Finding an AV partner can seem like a daunting task. At innoVia, we know this, so we created a list of things to do to help better ensure a good experience. Doing these things will help you navigate the options and make a good choice for your event.
Be sure the provider understands your vision and objectives.
Before getting quotes, be sure to share the objective of your event. Typically, there is one or a combination of four things events are trying to accomplish, selling, training, celebrating, or communicating news, your potential AV provider needs to know exactly what you want to achieve.
In addition, explain to them what you see in your mind’s eye. What do you want things to look like? How do you see things happening? What colors, visuals, and music do you imagine? What does the flow/agenda look like? To create an effective event, your AV team needs to know as many details as you can provide.
Ask questions about the quote.
An AV quote can look very confusing, so ask questions. A prospective AV provider should be able to justify every piece of equipment or service on the quote and explain it in terms everyday people can understand. If they cannot do that, your alarm bells should go off. If they want to truly be a partner, they should do everything possible to help you understand and be successful. Unfortunately, too many AV companies send out a quote hoping you will just trust them and sign it. Some of the more unscrupulous are simply trying to confuse you for the benefit of their bottom line. If you do not understand something, ask about it. If they cannot explain it in such a way that you can see how it works to help your event, it may be a sign to look elsewhere.
Get alternative suggestions.
It is not at all unusual to get quotes that are over your budget. When this happens, ask if there is equipment you can substitute without degrading the overall experience.
For instance, perhaps wired microphones would work in place of wireless microphones, or maybe a less expensive projector might accomplish your goals. A great AV team should be able to coach you through this process and work with you to find a happy medium that creates a great event, achieves your objectives, and accommodates your budget.
Ask about the company’s experience.
Do some homework to see what kinds of events the company has produced. What is their track record? Can you get references? What is their safety record? Ask to see any video footage of past events. How does it look? How does it sound?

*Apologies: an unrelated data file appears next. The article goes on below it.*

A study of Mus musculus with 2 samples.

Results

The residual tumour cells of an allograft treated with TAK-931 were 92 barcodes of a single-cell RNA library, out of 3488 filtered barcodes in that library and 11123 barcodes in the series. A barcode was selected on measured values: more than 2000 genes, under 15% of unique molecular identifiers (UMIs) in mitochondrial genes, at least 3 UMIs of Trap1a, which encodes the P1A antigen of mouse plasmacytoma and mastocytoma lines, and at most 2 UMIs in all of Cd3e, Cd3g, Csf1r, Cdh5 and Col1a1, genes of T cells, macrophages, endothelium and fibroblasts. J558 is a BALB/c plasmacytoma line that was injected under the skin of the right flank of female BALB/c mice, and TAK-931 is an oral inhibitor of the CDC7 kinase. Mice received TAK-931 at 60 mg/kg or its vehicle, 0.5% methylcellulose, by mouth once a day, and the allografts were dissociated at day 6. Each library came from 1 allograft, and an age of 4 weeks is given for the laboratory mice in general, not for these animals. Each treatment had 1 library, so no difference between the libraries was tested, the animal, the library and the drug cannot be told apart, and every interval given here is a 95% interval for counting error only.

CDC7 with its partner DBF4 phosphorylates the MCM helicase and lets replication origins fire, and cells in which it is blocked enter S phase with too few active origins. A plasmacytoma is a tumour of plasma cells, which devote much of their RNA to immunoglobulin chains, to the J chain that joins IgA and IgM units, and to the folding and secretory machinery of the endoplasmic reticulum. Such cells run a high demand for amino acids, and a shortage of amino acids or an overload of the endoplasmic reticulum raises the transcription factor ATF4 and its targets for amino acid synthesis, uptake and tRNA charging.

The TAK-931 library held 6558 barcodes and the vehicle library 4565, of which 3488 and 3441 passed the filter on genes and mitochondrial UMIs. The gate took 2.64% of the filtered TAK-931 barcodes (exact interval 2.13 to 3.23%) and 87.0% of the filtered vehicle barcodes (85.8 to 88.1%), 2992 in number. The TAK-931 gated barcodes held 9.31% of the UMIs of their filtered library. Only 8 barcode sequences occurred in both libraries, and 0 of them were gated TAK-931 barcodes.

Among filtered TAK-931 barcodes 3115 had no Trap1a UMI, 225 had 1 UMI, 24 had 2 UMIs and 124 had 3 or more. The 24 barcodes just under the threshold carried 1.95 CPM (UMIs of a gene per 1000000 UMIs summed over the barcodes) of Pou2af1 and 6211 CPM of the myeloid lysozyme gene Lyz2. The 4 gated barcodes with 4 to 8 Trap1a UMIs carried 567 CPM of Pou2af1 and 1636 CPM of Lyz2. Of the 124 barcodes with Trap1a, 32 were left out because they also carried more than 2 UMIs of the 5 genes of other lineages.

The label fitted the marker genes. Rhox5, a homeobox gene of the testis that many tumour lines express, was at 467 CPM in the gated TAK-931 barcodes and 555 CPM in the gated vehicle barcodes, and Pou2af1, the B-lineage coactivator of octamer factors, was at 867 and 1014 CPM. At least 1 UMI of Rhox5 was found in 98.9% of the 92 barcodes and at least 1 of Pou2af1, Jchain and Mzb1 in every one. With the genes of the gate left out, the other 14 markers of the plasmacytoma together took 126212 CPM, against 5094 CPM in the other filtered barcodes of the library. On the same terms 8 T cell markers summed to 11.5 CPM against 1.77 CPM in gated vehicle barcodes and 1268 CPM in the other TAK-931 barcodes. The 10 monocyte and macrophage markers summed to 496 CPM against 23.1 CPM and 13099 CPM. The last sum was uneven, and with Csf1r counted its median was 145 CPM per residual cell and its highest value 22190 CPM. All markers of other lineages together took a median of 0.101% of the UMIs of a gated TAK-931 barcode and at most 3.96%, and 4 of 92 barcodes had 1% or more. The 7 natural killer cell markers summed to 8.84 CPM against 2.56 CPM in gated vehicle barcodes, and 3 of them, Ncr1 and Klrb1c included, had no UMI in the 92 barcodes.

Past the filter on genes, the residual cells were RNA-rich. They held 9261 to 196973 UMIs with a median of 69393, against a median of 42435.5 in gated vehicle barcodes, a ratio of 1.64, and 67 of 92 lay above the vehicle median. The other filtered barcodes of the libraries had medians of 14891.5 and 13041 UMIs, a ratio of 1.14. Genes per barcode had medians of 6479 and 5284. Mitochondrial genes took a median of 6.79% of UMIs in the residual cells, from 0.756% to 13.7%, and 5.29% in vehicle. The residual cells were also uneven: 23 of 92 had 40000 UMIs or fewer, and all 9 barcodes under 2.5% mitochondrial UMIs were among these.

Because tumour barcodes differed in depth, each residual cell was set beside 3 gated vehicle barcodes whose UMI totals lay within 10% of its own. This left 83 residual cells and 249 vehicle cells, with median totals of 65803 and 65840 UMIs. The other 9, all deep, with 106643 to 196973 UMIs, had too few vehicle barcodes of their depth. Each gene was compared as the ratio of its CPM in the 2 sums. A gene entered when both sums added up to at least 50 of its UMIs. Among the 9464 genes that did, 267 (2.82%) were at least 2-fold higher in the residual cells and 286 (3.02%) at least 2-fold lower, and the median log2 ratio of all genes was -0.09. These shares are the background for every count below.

Learn about the team who will be working your event.
Who will lead the team? Will they be onsite as your main point of contact? What about the team itself? Like a lot of technically focused people, many AV professionals can be difficult to talk to and work with. Ask to meet some of the technical team. Ask about years of experience and previous events they have produced. Are the team members fun and easy going or are they gruff and all business? When difficulties present themselves —and with the volatility of technology, this is not unusual— you will want a team who can put you and your attendees at ease while taking care of the issues.
Ensure you can have a rehearsal.
You want to be well prepared for your event. Make sure any potential AV provider will give you a chance to rehearse and go through your event step by step.
During the rehearsal, make sure you have them check all the microphones, the lights, and all your presentations. Make sure you can hear things and see things from every part of the audience space.
Mistakes usually occur during transitions from one speaker to another or moving between media like PowerPoint slides to videos or internet connections. Practice these and make sure your technical team knows exactly how it should work. If they give you any warning about possible problems or the time it might take to make the changes, pay heed. Don’t assume everything can happen quickly and painlessly. If they give you suggestions to make it better, it is usually best to adjust, they have most likely seen the worst of it and do not want it to happen to you.
Finally, if something is not going well, do not leave without getting it right. No matter what promises you are given, get it right before the show.